Over 60 feared dead as Rohingya boat capsizes near Bangladesh

Updated September 30, 2017

A Rohingya Muslim refugee mourns beside the bodies of his three children at a school near Inani beach in Cox's Bazar district on September 29, 2017. —AFP

More than 60 Rohingya Muslim refugees are feared dead after a boat carrying them from Myanmar capsized, leaving distraught relatives to hold burials on Friday in squalid Bangladesh camps which the Red Cross says are tipping into a health crisis.

Half a million Rohingya have crushed into settlements in Bangladesh in just over a month, fleeing a Myanmar army campaign and communal violence that the UN describes as “ethnic cleansing”.

They have poured over on foot or crossed the Naf river which bisects the two countries in overcrowded boats.

One of these vessels capsized in rough waters on Thursday agonisingly close to the shore, survivors said, as the Bangladeshi captain lost control after pushing far out to sea for two days to avoid patrols.

The bodies of 23 people have been retrieved so far but the death toll is expected to surge to around 60, with many of the dead likely to be young children too weak to swim through the churning water.

“Forty are missing and presumed drowned,” International Organisation for Migration spokesman Joel Millman told reporters in Geneva.

Survivor Abdus Salam told AFP the boat hit trouble within striking distance of the Bangladeshi coastline. “He didn't see a rock underneath the water and we hit it.”

Refugees on Friday held funerals for loved ones — among them children — who had hoped to find sanctuary from violence that has cut through their homeland in Rakhine state.

A woman carried a small white bundle to a grave for a Muslim burial, while male relatives wept at a school building where bodies had been laid out.

“My wife and two boys survived, but I lost my three daughters,” Shona Miah, 32, told AFP.

One toilet for hundreds

Those who have made it to Bangladesh have been squeezed into a vast makeshift refugee settlement that has become one of the world's biggest in a matter of weeks.

Relief groups are overwhelmed by the numbers of hungry and traumatised Rohingya and medical staff say the camps are in imminent danger of disease outbreak.

“Our mobile clinics are treating more people, especially children, who are very sick from diarrhoeal diseases which are a direct result of the terrible sanitation conditions,” said Mozharul Huq, secretary general of the Bangladesh Red Crescent Society.

In some of the camps hundreds of refugees are sharing a single toilet, said Martin Faller, of International Federation of Red Cross and Red Crescent Societies (IFRC).

“The conditions for an outbreak of disease are all present — we have to act now and we have to act at scale,” he added.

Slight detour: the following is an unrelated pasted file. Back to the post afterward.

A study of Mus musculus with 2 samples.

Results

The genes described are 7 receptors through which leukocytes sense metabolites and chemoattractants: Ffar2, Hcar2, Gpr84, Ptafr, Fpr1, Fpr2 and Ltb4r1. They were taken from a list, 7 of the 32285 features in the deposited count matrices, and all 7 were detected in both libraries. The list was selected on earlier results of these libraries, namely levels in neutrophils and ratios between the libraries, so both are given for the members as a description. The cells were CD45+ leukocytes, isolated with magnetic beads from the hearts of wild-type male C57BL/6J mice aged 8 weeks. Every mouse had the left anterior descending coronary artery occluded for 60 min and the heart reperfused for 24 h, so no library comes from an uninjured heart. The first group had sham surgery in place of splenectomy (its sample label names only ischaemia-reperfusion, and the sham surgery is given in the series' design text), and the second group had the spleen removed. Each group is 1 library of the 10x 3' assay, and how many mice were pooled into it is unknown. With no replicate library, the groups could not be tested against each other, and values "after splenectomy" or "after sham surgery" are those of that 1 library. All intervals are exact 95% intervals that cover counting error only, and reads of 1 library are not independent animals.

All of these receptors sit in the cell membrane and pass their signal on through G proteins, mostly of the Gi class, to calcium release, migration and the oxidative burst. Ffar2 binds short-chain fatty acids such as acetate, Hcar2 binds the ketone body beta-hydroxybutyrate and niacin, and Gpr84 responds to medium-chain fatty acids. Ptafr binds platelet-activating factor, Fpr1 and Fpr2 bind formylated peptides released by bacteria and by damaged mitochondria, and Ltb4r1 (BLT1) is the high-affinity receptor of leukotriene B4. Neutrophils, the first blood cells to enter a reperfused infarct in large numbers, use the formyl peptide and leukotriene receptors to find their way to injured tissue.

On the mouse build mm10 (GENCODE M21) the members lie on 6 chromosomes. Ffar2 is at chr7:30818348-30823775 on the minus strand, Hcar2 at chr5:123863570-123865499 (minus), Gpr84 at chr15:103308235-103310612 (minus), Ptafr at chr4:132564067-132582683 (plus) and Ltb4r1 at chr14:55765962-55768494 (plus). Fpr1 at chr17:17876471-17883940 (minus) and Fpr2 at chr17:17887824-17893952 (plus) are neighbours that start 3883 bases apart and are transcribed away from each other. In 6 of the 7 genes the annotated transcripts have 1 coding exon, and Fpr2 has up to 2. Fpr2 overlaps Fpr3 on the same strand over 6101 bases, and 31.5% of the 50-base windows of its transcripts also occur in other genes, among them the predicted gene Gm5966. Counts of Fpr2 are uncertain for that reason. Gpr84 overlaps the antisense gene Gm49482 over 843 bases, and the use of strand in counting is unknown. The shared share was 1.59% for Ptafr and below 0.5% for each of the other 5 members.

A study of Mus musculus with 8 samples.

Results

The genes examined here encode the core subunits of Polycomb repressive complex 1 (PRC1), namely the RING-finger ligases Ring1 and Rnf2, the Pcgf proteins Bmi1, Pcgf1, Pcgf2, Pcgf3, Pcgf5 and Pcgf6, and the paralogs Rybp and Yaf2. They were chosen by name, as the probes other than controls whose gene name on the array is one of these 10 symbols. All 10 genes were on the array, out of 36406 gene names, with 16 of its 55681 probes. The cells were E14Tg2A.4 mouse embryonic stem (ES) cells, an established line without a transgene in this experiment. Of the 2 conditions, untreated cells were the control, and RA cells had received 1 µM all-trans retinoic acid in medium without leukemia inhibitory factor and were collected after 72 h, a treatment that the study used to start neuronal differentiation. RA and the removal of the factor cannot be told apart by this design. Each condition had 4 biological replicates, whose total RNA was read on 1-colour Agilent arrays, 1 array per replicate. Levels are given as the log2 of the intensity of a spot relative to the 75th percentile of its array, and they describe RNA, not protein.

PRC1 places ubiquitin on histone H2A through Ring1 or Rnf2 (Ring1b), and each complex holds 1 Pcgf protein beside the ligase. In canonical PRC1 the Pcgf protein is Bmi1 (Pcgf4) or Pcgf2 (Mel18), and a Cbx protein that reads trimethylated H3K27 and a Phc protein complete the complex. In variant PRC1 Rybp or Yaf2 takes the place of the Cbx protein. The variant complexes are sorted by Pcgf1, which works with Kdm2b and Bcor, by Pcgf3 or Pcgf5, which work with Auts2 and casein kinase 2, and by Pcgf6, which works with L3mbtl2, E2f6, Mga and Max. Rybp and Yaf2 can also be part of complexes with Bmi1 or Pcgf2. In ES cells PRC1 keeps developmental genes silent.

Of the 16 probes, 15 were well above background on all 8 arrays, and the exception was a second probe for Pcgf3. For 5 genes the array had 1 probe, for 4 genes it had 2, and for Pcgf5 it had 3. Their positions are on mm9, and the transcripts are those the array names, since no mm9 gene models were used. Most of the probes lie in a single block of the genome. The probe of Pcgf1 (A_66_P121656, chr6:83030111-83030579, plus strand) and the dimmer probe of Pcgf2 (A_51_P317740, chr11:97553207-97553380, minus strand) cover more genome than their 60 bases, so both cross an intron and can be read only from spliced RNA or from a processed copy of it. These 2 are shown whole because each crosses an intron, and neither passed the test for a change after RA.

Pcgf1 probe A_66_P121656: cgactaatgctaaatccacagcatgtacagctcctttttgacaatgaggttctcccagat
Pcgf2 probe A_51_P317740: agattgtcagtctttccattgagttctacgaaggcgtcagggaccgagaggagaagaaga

The UNHCR says nearly one in five of arrivals is suffering from “acute malnutrition”, while aid groups have pledged to deliver 900,000 doses of cholera vaccine to Bangladesh within a fortnight.

Worsening conditions are compelling Rohingya to try to move out of the wedge of land Bangladesh has set aside for the new arrivals.

But Bangladesh police have stopped more than 20,000 Rohingya from going inland, a senior official said Friday, after authorities imposed travel restrictions on the refugees fearing they will move further into the country.

Bangladesh has urged Myanmar to allow a safe return for the Rohingya.

Myanmar says it is ready to begin repatriating refugees to a camp in the Maungdaw district of northern Rakhine.

But rights groups say the criteria for return is convoluted and carefully crafted to take back as few of the minority as possible.

Many Rohingya do not possess the requisite documents to be allowed back or are unwilling to return to villages that have been burnt to the ground.

The Muslim minority are loathed in Myanmar, where they are denied citizenship and are instead branded “Bengalis” — or illegal migrants who do not belong in the Buddhist-majority country.

UN warnings

Attacks on police posts in Rakhine by Rohingya militants on August 25 set the crisis in motion.

The kickback by Myanmar's army killed hundreds and left scores of Rohingya villages in ashes.

Rohingya who fled say they survived slaughter by soldiers and ethnic Rakhine Buddhists who were once their neighbours.

Ethnic Rakhine and Hindus have also been displaced inside Rakhine, accusing Rohingya militants of atrocities.

Rohingya are still on the move and UN chief Antonio Guterres has warned that the “systemic violence” could spill further south to the central part of Rakhine, threatening a further 250,000 Muslims with displacement.

Nearly 90 non-governmental organisations, including Amnesty International, have issued a joint statement denouncing “crimes against humanity” against the Rohingya in Myanmar and calling on the international community to immediately end military assistance to the country.

On Thursday the UN Security Council failed to agree on a joint resolution, after China and Russia supported Myanmar.

But the UN Human Rights Council said Friday it would extend an international fact-finding mission into abuses in Myanmar by another six months.

Access to the violence-stricken part of Rakhine is tightly controlled by the military, preventing international aid groups reaching desperate Rohingya or independent reporting on the crisis.